State Rep. Brett Geymann, R-Lake Charles. (Associated Press)
Last Modified: Thursday, December 20, 2012 7:41 PM
A group of legislators, determined to change the way Louisiana’s budget process operates, point toward last week’s mid-year cuts as proof the state is not fiscally sound.
Last summer, budget reformers sounded the alarm that cuts were going to be needed this month.
State Rep. Brett Geymann, R-Lake Charles, one of the primary voices with the Budget Reform Coalition, told a group of residents Thursday that something needs to be done to ensure that cuts do not continue to affect state higher education and health care agencies.
This year, 35 House representatives known as the “fiscal hawks” coalition have traveled around the state educating the public about the need for reforms along with hearing about possible solutions. Legislation aimed at changing the foundation of the state’s budget process is being drafted and will be filed by the coalition for the 2013 Louisiana Legislative Session.
“Hopefully we will have a package that will help us do a better job at the Legislature,” Geymann told Kiwanis Club of Calcasieu.
What baffles Geymann is that the state is one of eight outpacing the national average in economic growth but it still had to enact $165.5 million in mid-year cuts with the state’s Department of Children and Family Services and Department of Health and Hospitals taking the biggest brunt. The Louisiana Revenue Estimating Conference projected a $129 million drop in revenue while spending increased.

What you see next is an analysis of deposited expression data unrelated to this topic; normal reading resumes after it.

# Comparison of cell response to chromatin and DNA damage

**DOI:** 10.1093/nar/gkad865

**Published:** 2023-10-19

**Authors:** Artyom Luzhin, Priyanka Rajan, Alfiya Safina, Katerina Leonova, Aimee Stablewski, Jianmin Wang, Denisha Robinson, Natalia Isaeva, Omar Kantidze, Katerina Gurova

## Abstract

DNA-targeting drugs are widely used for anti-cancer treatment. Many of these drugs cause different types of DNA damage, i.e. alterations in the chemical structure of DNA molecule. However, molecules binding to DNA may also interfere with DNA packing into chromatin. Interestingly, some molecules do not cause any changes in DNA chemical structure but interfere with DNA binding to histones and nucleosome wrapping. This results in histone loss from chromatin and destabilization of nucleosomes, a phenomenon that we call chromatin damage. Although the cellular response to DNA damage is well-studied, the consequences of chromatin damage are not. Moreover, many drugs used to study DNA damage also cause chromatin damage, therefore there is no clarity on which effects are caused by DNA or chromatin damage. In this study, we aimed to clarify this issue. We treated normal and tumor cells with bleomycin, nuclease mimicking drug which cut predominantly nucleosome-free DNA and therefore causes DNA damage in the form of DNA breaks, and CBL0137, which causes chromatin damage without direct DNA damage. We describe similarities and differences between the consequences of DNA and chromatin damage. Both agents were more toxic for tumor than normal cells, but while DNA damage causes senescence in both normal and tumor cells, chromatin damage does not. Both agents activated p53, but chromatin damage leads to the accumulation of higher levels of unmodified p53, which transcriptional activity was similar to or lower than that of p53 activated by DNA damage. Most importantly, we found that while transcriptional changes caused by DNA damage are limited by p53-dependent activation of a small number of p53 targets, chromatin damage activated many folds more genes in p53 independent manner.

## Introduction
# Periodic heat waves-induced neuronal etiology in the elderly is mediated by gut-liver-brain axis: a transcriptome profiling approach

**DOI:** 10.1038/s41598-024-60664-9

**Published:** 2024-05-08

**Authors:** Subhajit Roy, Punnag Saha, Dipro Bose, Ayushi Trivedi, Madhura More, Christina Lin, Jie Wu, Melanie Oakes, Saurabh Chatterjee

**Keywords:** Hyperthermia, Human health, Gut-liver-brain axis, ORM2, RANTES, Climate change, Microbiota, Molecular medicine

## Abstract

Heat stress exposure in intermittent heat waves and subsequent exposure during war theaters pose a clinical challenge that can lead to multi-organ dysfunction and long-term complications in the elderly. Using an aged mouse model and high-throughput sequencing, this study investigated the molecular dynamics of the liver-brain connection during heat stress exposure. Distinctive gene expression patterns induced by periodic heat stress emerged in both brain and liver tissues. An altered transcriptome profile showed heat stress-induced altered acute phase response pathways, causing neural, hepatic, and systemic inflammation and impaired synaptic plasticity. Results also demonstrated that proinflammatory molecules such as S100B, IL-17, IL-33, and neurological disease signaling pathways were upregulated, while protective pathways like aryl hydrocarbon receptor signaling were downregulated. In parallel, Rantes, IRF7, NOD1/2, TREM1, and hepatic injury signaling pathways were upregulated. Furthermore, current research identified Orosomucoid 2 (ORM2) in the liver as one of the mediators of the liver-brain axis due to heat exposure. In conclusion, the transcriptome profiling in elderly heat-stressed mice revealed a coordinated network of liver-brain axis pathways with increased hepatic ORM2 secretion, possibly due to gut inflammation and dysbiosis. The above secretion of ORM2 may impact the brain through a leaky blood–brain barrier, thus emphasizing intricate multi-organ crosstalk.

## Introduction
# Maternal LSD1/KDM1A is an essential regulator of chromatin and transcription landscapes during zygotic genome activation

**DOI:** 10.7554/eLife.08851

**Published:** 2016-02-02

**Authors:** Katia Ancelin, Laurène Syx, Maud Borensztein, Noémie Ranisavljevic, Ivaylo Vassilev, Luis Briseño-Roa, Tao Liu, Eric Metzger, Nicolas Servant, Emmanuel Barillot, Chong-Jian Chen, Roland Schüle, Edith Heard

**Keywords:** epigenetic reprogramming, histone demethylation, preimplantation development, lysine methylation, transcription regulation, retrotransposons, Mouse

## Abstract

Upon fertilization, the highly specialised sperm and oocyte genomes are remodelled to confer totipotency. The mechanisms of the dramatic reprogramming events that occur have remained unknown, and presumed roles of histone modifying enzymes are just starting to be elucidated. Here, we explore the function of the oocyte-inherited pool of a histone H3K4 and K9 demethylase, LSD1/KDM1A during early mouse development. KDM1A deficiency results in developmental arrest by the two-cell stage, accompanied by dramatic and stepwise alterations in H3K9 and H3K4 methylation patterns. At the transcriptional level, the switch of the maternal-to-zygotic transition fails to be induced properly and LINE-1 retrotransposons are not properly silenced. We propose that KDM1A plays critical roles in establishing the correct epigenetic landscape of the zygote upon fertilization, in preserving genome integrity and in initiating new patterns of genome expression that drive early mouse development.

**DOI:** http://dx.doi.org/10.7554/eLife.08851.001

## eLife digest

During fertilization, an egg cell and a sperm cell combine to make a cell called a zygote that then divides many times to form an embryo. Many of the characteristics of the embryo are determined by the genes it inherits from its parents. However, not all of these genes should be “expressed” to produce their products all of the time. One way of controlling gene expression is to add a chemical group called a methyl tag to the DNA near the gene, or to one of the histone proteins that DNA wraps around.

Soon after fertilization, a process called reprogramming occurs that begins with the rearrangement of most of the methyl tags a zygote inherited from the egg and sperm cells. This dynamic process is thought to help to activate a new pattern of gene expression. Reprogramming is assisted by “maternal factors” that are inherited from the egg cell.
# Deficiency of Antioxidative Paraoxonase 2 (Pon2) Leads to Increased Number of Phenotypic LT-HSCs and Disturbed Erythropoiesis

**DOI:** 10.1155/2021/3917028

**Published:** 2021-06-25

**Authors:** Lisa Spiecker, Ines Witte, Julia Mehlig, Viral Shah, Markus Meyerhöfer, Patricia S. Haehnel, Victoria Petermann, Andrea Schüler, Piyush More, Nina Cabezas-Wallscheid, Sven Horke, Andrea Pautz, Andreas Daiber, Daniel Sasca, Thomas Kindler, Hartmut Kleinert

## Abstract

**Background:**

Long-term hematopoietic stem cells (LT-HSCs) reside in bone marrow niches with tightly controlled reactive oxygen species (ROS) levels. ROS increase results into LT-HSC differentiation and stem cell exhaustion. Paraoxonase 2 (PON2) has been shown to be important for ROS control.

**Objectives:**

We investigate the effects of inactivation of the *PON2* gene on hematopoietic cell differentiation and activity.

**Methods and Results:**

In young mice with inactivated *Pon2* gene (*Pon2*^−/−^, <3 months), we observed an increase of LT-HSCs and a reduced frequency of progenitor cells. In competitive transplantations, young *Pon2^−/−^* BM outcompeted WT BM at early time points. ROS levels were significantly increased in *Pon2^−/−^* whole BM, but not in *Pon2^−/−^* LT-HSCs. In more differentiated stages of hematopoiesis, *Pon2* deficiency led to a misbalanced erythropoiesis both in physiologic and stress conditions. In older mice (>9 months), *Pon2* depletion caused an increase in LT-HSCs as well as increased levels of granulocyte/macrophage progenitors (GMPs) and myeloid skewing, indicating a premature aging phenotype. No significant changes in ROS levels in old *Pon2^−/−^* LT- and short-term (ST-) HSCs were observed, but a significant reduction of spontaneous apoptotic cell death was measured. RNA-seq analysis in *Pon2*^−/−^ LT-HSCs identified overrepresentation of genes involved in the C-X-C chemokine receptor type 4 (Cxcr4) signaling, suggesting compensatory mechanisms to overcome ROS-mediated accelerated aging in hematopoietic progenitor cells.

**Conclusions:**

Geymann says three aspects of the state’s budgetary process need to be changed.
“First, there needs to be more transparency with the process. The budget is passed on the last day of the session. We need to change the timing and way we do that. All of us need to know what’s in the budget,” he said.
Geymann said “prioritization” needs to be emphasized in the budget process. Higher education and health care should be first in line for dedicated funds, he said.
“We don’t seem to take care of those areas. Right now, the language in some bills is being worked on to put those areas on the top of the priority list,” he said.
Another area the “fiscal hawks” want to address is adhering to the state Constitution in budget matters.
“Let’s follow the law. I believe the constitution says we can’t spend more money than we have available. It states we can’t exceed revenue,” he said.
Geymann notes that the state spends “one time” money on recurring expenses, which only makes the ßbudget problem harder to manage. That action leads to additional cuts to higher education and health care, he said.
“Gov. Jindal campaigned on the promise to quit that type of spending. Yet, we do the same thing we did when he got into office,” Geymann said.
Additional legislation isn’t fail-safe, but is needed to make decisions easier for representatives and senators, Geymann added.
“Willpower. Pressure from the public is what is needed to quit doing things the way they’ve been done for so long,” he said. “Yes, we could do without changes to the law and just follow the law. But new legislation would be helpful.”
Even though details of the legislation haven’t been released, Geymann hinted that timelines for budget decisions may be included in the draft proposal.
Geymann believes the hardliners’ position may get traction in the House but will face an uphill battle in the Senate.